Through Airmen's Eyes: Airman makes most of AF educational opportunities

  • Published
  • By Staff Sgt. Warren Spearman
  • 49th Wing Public Affairs
(This feature is part of the "Through Airmen's Eyes" series on These stories focus on a single Airman, highlighting their Air Force story.)

Airmen have different reasons for answering the call to defend our nation. Some join to travel the world. Some join to honor a legacy. There are some who join to better themselves, and in the process, they can help others.

Education is a key that some use to open this door. It is the key that Capt. Derandoria Young, an Air Force social worker with the 49th Medical Group, used to help her, and in turn, to help others under her care.

Her career path started out as an enlisted member. At 19 years old and in her second year in the Air Force, she came to a crossroads.

"My goal was to get an education and get out," Young said, adding that it was a conversation with an Air Force social worker that put her on the road to her current position.

She received her degree in social psychology at Park University, and then went on to get a graduate degree in public administration, her first of two master's degrees. She then received special permission to attend the University of Texas School Of Social work in Austin, Texas, while serving on active duty.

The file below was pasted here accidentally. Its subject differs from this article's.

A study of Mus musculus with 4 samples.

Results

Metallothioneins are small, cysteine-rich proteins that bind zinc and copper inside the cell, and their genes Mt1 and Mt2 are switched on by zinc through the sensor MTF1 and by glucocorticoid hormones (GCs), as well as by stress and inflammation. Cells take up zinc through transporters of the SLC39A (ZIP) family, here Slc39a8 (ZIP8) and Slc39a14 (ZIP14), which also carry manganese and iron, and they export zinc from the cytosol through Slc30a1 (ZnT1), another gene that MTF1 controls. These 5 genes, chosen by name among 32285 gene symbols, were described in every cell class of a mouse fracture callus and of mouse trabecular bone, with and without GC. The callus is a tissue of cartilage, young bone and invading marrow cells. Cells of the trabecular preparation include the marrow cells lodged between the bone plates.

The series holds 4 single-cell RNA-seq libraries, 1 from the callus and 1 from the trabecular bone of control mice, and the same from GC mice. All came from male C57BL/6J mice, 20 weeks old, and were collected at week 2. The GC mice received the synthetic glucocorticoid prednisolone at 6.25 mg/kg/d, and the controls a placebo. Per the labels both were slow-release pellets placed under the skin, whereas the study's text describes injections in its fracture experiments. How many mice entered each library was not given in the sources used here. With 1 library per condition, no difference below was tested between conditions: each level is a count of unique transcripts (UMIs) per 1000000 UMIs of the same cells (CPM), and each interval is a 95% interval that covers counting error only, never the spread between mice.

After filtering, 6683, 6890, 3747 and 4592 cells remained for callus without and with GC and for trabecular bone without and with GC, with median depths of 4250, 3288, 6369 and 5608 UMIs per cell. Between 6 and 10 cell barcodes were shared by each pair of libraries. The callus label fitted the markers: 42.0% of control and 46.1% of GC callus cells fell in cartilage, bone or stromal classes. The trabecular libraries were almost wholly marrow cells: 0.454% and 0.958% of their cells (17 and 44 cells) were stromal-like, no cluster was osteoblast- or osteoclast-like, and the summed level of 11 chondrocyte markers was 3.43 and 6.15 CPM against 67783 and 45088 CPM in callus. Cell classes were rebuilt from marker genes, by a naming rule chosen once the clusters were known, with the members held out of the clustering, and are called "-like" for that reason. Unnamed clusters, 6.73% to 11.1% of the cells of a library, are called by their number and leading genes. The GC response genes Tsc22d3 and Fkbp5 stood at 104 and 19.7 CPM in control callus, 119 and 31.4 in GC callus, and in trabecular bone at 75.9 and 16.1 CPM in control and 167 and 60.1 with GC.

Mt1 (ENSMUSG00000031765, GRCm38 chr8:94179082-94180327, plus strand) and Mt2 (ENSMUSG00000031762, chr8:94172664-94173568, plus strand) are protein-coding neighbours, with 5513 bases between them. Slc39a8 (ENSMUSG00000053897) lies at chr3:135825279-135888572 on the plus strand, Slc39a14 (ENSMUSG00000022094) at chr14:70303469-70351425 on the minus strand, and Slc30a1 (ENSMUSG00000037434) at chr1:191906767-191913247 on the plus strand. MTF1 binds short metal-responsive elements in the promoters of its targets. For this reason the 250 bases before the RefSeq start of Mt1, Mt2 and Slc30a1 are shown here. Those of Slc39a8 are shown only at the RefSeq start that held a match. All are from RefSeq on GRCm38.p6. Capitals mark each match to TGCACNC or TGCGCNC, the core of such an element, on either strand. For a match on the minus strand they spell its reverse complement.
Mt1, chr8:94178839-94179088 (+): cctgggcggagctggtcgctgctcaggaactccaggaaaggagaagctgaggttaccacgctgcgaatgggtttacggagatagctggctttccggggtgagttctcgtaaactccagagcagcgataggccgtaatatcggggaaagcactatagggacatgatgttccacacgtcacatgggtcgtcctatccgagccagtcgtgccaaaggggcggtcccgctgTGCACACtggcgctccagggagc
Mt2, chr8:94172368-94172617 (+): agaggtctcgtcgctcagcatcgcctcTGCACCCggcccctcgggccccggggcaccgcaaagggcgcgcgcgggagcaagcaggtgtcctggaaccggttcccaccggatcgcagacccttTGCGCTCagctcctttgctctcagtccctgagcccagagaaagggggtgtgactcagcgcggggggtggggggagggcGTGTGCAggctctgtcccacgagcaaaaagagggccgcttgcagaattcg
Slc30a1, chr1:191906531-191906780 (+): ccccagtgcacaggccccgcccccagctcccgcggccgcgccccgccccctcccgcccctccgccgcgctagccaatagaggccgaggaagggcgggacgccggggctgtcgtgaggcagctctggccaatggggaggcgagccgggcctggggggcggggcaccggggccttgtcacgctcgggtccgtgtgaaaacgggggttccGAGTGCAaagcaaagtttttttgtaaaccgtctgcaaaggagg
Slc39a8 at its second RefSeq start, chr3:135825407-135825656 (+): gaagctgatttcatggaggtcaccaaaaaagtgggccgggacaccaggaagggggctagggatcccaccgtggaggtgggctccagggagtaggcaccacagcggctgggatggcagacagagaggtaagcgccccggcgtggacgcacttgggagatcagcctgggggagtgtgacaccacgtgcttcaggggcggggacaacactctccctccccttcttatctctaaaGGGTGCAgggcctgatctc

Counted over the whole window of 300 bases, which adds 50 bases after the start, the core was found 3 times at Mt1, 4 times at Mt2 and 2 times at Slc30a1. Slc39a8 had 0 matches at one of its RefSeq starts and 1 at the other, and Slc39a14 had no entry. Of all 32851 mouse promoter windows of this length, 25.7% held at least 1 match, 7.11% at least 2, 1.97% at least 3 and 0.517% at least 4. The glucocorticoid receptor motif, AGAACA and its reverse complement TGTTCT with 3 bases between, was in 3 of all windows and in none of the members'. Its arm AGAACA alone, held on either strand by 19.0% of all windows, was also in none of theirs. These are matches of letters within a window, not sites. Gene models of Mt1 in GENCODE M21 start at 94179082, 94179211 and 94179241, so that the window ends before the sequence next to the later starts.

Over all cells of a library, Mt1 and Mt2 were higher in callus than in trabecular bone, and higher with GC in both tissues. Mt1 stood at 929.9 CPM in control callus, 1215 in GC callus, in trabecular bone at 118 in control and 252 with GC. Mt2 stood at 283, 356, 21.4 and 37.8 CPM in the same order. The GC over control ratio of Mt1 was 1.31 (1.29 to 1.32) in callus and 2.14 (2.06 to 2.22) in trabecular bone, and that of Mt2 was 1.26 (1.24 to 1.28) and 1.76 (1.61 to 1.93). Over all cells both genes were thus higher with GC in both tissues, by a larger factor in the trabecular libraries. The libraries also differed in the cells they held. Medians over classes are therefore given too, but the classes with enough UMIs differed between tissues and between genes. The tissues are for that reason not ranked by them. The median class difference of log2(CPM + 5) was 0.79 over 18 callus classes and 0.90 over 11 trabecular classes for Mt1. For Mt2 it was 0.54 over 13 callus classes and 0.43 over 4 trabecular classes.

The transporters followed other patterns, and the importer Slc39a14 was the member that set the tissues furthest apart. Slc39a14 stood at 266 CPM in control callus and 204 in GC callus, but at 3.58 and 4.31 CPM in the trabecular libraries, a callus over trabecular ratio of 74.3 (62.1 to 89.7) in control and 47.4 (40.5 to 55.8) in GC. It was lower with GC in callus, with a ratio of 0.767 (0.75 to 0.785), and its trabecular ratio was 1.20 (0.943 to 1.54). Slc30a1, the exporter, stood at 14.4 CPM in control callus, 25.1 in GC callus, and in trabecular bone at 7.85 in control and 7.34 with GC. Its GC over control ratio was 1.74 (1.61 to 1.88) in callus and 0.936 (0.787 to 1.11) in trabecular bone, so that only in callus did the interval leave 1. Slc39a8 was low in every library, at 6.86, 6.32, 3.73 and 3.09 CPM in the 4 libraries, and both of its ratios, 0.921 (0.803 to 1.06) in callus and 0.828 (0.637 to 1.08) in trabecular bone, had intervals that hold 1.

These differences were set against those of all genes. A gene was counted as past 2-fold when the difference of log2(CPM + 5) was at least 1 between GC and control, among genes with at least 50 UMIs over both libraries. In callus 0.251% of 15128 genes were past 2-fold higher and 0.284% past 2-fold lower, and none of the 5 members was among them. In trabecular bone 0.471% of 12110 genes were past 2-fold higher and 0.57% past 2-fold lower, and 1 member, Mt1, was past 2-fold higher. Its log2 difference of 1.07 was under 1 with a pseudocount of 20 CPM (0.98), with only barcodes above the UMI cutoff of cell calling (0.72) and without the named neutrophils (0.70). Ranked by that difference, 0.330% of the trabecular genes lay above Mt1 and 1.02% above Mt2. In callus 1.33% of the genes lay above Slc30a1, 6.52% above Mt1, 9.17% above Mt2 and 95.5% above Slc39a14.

While receiving her social work degree, she took a trip that she said would change her perspective on life. In 2010, she and 61 other students took a trip to Ghana, a small nation on the west coast of Africa. The trip was designed to expand the educational experience.

"It was there I learned that everything you need, you probably already have," she said.

After graduation, she returned to Langley AFB, Va., where she worked under an Air Force social worker for two months. She was trying to learn everything she could while preparing to enter into the direct commissioning program as a social worker, she said.

The entry process was intense, Young said. In 2011, there were 100 people applying for only 12 positions. Air Force social workers also needed three years of experience to deploy, which she did not have.

She did have one advantage, she said. She had been a technical sergeant with 11 years in the military, and she knew that experience, and knowing the inner workings of the Air Force was something you couldn't replicate.

And after writing a two-page paper on her Air Force Social Work experiences, she was accepted into the program, where she is now working, and living her dream.

"The Air Force has been good to me," Young said. "It's given me and education and career." 

Young said she is a huge advocate of making the best of the opportunities the Air Force offers, and advises others to never give up pursuing their goals.

"If you're determined, it will work out," she said.